How Apple Borrowed iOS’s Hamburger Icon From Xerox PARC

Screen Shot 2014-03-30 at 6.18.07 PM

It’s no secret that Steve Jobs was inspired by the incredible work Xerox was doing over at PARC Labs when he came up with the Mac: he borrowed the computer mouse, the desktop, and even the Macintosh business plan from the famous tech think tank.

Now, it looks like we also owe the ubiquitous hamburger icon — widely used in iOS as a menu shortcut, as well as a way to order draggable lists — to Xerox PARC as well. It turns out that the first example of the hamburger icon shows up in a 1981 video for the Xerox Star workstation.

According to designer Norm Cox:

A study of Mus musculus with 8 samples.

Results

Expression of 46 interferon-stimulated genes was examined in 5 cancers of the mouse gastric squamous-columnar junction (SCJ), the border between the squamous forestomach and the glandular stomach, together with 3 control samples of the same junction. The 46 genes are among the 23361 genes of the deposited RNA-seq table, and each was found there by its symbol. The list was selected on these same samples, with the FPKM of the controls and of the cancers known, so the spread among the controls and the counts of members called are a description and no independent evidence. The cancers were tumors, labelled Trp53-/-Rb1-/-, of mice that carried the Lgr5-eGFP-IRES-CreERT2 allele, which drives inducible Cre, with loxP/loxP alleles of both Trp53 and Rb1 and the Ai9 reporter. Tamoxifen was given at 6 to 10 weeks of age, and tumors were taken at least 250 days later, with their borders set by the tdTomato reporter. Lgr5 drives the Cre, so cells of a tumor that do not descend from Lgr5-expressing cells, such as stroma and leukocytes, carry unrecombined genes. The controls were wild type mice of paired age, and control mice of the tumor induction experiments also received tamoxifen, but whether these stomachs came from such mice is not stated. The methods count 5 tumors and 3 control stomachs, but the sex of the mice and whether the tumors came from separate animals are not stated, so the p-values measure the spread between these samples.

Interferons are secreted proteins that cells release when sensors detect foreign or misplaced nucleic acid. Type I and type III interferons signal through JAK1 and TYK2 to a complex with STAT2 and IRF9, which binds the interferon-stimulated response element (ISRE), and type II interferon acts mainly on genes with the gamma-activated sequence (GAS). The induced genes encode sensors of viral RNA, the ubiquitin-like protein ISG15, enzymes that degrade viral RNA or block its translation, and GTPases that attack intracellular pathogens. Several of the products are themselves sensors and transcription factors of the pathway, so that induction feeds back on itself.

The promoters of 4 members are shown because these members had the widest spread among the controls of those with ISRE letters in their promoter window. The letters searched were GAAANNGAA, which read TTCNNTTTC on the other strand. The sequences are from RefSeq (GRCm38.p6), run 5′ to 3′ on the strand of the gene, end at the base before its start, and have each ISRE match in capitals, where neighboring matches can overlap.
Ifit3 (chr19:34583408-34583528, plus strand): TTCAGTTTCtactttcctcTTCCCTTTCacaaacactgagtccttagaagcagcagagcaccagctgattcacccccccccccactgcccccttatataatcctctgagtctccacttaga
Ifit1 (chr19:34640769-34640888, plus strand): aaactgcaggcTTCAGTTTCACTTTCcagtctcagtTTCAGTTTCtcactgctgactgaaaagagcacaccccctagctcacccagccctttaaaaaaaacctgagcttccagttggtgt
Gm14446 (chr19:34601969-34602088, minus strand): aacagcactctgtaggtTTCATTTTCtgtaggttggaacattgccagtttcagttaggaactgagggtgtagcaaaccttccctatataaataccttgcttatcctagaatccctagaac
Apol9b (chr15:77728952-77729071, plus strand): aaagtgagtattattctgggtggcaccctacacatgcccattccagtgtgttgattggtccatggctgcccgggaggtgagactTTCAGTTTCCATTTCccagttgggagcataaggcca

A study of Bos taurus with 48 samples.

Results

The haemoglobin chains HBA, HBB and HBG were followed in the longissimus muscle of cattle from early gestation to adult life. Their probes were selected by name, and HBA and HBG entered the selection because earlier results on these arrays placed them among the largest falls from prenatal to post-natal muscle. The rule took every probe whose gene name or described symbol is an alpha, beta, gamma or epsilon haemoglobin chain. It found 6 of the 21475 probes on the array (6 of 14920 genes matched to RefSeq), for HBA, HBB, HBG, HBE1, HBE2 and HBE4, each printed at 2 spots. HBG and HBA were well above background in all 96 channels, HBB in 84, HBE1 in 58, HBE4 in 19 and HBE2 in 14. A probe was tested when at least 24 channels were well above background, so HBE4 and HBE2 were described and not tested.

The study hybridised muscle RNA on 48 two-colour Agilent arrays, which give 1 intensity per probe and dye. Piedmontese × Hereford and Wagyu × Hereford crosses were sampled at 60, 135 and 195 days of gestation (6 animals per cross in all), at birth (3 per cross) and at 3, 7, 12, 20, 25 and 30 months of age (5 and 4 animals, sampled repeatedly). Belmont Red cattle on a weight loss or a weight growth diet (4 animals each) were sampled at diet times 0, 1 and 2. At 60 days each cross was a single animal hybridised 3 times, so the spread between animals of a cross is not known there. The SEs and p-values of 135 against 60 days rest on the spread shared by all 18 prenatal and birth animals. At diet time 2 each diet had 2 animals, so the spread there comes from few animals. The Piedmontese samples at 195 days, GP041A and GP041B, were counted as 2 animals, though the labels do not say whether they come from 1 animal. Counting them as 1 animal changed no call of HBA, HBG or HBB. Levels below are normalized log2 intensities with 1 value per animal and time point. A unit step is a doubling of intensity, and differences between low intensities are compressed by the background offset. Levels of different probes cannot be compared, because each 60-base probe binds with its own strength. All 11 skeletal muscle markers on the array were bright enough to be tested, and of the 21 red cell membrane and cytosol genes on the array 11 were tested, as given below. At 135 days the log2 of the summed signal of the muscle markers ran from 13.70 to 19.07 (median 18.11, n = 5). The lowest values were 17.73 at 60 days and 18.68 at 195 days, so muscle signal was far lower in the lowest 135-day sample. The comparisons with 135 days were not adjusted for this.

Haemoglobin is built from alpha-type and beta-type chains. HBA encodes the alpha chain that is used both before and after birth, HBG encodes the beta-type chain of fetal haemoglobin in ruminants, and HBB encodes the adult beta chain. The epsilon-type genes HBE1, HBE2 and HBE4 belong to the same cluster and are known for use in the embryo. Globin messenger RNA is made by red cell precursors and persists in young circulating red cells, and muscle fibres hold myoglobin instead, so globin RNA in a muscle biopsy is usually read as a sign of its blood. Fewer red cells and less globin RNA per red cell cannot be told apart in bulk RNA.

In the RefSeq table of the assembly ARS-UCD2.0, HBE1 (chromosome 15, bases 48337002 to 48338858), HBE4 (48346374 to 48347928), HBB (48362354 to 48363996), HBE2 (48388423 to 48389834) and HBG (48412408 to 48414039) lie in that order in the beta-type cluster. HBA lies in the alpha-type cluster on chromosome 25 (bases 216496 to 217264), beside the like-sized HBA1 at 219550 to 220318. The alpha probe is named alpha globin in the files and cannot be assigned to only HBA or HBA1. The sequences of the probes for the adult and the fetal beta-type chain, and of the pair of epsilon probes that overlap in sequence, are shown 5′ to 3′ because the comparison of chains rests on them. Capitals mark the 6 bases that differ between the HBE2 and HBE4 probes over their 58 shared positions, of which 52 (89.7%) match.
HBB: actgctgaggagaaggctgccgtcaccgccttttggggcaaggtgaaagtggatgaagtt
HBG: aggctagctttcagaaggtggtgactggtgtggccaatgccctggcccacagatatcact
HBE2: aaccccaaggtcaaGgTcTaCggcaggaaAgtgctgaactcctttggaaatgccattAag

I designed that symbol many years ago as a “container” for contextual menu choices. It would be somewhat equivalent to the context menu we use today when clicking over objects with the right mouse button.

Its graphic design was meant to be very “road sign” simple, functionally memorable, and mimic the look of the resulting displayed menu list. With so few pixels to work with, it had to be very distinct, yet simple. I think we only had 16×16 pixels to render the image. (or possibly 13×13… can’t remember exactly).

Interesting inside joke… we used to tell potential users that the image was an “air vent” to keep the window cool. It usually got a chuckle, and made the mark much more memorable.

One of these days, mark my words, we’re going to find out that Xerox had a working smartwatch in production in their PARC labs.


John BrownleeJohn Brownlee is a Contributing Editor. He has also written for Wired, Playboy, Boing Boing, Popular Mechanics, VentureBeat, and Gizmodo. He lives in Boston with his wife and two parakeets. You can follow him here on Twitter.